Looking at some Avatar cabs, undecided what size to go with. Thoughts?
I loved my B210 w/neos ...until after 6 years and hundreds of gigs it developed a buzz. I always got nice compliments on tone with the 210. I also owned a ceramic 210 and 112 from Avatar and both sounded great, although I'm more partial to the 210's. I would buy one again in a heartbeat.
I'm pretty sure I would grab the 2x10 vs. the 1x12
I think the 2x10 would be in competition with a 1x15
I would go for an 8 Ohm 210. Then grab a second and stack them vertically.
The 1x12 is a nicer sounding cab to me. More full, less scooped. The 2x10 will get louder. I did many gig's with the sb112. Fewer with the 2x10. Did several with the two paired up. That was pretty a nice setup. I was coming off a Schroeder 21012L to that setup.
Used the Avatar setup for a year then got fearful disease. I will say that a good 12.6 will bury the Avatar stack, both cabs... And it is just a smidge larger than the sb112...
If I were buying Avatar today, it would be the sb112 and maybe a secon down the road. I would also be planning on a crossover mod and replacing the *useless* horn with a mid driver. Easy to do in that cab for a mini fEarful setup...
Another vote here for the 1x12. I have played mine in various situations and it has always sounded great.
Actually blew someone away recently with the sound quality/volume of this cab. They said they almost couldn't believe what they heard came from that little box.
I imagine their reaction to a fearful would be somewhat comical.
.. as 4Mal mentions, there were at least a few of us running that 210/112 Av stack on here a while back ... FWIW, I had both the neo and the older Delta 210, and the neo definitely went lower, but it did seem mid scooped (again as 4Mal mentioned) ... I preferred the 210 Delta over the neo, but then I play a Jazz and prefer a more mid voiced cab ... I actually liked the 210 Delta by itself over the 112 (which was the DeltaLF at the time)also, but together they worked very well ...
Edit to add: .. after I wrote this, I realized it might not be much help if you are looking at current stock, as those drivers may not be what is even in use any longer ... in any case, Dave at Avatar is as good as it gets to deal with .. dont hesitate to give him a call if you have questions that should be answered directly from him ... even ask if he has any 'blem' cabs he can load for you ... a way to save a few bucks
Dave is definitely very helpful in consultations re: your need and his product. Just give him a call and have your questions ready.
How about Avatar 2x10 VS Aguilar gs212? A friend of mine wants to sell me the Aguilar cab.
I have not owned the Aggie, but a quick search on here should get you more than a few reviews ... but then, if it is your friends, you may have access to the cab and you can tell for yourself ..
.. you are kind of talking apples and oranges now, not many 210's are gonna hang with a decent 212, and that Aggie has some pretty major fans ... what kind of money are looking for the Aggie, and are you talking Avatars new?? ...
$450 for the aggie 212. I was looking to buy a new Avatar 210. I'm afraid the aggie won't be punchy enuff. I like funk so I'm looking for a punchy but with some warn low end. I play a 5 string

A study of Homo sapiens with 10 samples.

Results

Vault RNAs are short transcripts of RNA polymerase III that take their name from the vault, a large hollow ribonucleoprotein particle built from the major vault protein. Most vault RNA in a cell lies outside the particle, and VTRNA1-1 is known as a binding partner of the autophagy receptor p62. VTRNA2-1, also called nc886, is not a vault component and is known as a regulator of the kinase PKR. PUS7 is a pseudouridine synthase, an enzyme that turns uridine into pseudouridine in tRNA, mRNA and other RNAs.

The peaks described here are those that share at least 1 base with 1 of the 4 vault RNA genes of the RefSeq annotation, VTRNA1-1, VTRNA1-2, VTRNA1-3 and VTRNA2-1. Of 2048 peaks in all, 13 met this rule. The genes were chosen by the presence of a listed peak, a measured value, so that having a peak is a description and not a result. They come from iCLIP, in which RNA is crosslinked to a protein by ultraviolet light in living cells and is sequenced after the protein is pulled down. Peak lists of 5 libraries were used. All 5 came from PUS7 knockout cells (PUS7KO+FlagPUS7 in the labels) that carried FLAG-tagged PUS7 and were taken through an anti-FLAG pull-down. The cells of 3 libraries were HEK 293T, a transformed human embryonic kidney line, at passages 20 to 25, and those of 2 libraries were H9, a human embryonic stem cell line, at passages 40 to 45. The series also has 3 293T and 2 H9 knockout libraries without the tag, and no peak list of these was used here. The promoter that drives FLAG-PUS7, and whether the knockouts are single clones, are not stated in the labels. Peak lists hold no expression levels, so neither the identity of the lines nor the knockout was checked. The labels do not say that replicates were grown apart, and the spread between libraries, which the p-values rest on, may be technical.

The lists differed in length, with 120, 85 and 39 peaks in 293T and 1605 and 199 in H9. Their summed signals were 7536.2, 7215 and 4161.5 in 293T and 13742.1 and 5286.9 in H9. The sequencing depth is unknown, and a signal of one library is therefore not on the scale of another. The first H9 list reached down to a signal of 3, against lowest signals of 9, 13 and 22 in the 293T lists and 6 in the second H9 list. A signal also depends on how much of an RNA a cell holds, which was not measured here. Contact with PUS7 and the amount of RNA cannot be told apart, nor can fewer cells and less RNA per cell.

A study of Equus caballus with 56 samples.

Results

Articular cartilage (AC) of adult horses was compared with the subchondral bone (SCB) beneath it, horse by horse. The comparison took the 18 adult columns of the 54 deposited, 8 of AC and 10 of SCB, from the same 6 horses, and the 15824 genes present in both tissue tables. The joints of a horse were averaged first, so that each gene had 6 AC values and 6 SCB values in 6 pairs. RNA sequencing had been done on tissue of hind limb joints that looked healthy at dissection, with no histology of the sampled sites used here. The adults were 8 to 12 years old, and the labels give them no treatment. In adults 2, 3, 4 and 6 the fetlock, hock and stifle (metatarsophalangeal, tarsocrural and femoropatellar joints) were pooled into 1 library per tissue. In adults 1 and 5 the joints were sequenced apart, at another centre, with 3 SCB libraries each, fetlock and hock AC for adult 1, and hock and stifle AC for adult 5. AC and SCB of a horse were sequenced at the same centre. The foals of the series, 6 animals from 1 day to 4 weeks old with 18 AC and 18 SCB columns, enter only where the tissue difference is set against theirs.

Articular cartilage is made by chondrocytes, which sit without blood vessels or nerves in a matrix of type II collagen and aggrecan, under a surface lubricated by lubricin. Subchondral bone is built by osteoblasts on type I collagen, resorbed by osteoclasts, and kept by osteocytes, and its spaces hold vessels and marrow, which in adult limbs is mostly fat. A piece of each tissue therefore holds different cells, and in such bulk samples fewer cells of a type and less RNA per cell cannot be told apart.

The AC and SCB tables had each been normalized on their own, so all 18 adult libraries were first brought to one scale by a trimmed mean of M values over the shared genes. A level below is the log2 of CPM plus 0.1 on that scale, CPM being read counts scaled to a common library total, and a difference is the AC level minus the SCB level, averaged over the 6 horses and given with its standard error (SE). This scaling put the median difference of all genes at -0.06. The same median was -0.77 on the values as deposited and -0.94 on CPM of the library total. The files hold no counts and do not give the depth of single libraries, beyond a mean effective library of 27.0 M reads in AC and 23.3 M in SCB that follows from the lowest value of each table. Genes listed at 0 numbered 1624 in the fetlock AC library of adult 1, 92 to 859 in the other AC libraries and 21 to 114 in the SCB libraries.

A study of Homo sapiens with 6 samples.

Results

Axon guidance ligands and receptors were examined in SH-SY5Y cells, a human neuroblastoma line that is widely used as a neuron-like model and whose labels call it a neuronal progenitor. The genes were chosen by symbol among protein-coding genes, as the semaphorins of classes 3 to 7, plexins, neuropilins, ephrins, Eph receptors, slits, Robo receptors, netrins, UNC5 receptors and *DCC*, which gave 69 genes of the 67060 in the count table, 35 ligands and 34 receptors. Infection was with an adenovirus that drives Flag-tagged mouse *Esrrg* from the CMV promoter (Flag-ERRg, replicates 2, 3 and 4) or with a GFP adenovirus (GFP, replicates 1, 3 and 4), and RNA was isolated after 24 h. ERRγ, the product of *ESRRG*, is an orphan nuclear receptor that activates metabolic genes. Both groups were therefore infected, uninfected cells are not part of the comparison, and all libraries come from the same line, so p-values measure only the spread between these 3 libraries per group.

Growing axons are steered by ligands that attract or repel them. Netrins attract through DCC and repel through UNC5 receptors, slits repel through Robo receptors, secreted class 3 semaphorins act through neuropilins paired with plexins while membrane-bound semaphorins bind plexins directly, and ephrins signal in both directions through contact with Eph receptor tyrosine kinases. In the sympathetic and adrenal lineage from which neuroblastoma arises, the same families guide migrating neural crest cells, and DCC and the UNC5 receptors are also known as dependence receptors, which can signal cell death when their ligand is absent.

I have a pair of the neo SB112s and don't have experience with the 210, but I've had a lot of "mid-forward" bass cabs and the SB112 is anything but mid-forward. It sounds very "PA-like" to me, neither scooped nor forward in the mids. When I play recorded music through it, it sounds very uncolored. I think this is a result of Dave using a custom (greater X-max) Eminence Deltalite, since more X-max should mean less midrange than a standard Deltalite, plus the two-way crossover probably reduces some output at the top of the woofer's range where the tweeter kicks in. It's a very smooth cab. I can always add mid EQ if I want it. -Bob
I'm not really sure what all that means. "Mid-forward" "scooped"
It's a way to describe certain characteristics of speakers intended for bass guitar amplification. Compared to a studio monitor or good home stereo speaker, where the intent is to accurately reproduce the sound fed into them, musical instrument speakers for bass guitar can have an exaggerated response in the midrange frequencies, which can help you and the audience distinguish notes more clearly. That's a "mid-forward" sound, and if it's overdone it can sound weird or harsh. The opposite is where the midrange frequencies are less than the deeper and higher frequencies, so the sound is "scooped" (like a smiley-faced EQ on a graphic equalizer--low and high frequencies are turned up, midrange frequencies are turned down). If it's neither, then the speaker is relatively flat or uncolored. Any of these can sound good in different playing contexts and personal preference plays a large part.
I also had both cabs.
I'd say the 1x12 was a little more low-mid oriented (more smooth and fat), and the 2x10 was a little rougher, a little more "hi-mid."
Both pretty good cabs. I ended up keeping the 1x12s for my goals.
Tanks Bob that was a great explanation!
With everything else set to neutral...
Mid-forward -you hear more mids than the other freqs
Scooped - more bass, more treble, less mids
You're going to get some of that in most every cab except for some thing studio monitor like. If I can really tell which, mid-scooped or mid-forward right off the git go. Then I'll keep looking as it will be too much for me to live with.
You can only correct things so much after a while... If for instance you play a P Bass, you already have low mids. If your cab emphasizes low mids, the you have A LOT of low mids. If you play a bar where the room itself reinforces the mids, you may run out of EQ options trying to Tame the low mids ...
A more neutral rig will always be able to respond to corrective eq more gracefully - or at least that has been my experience.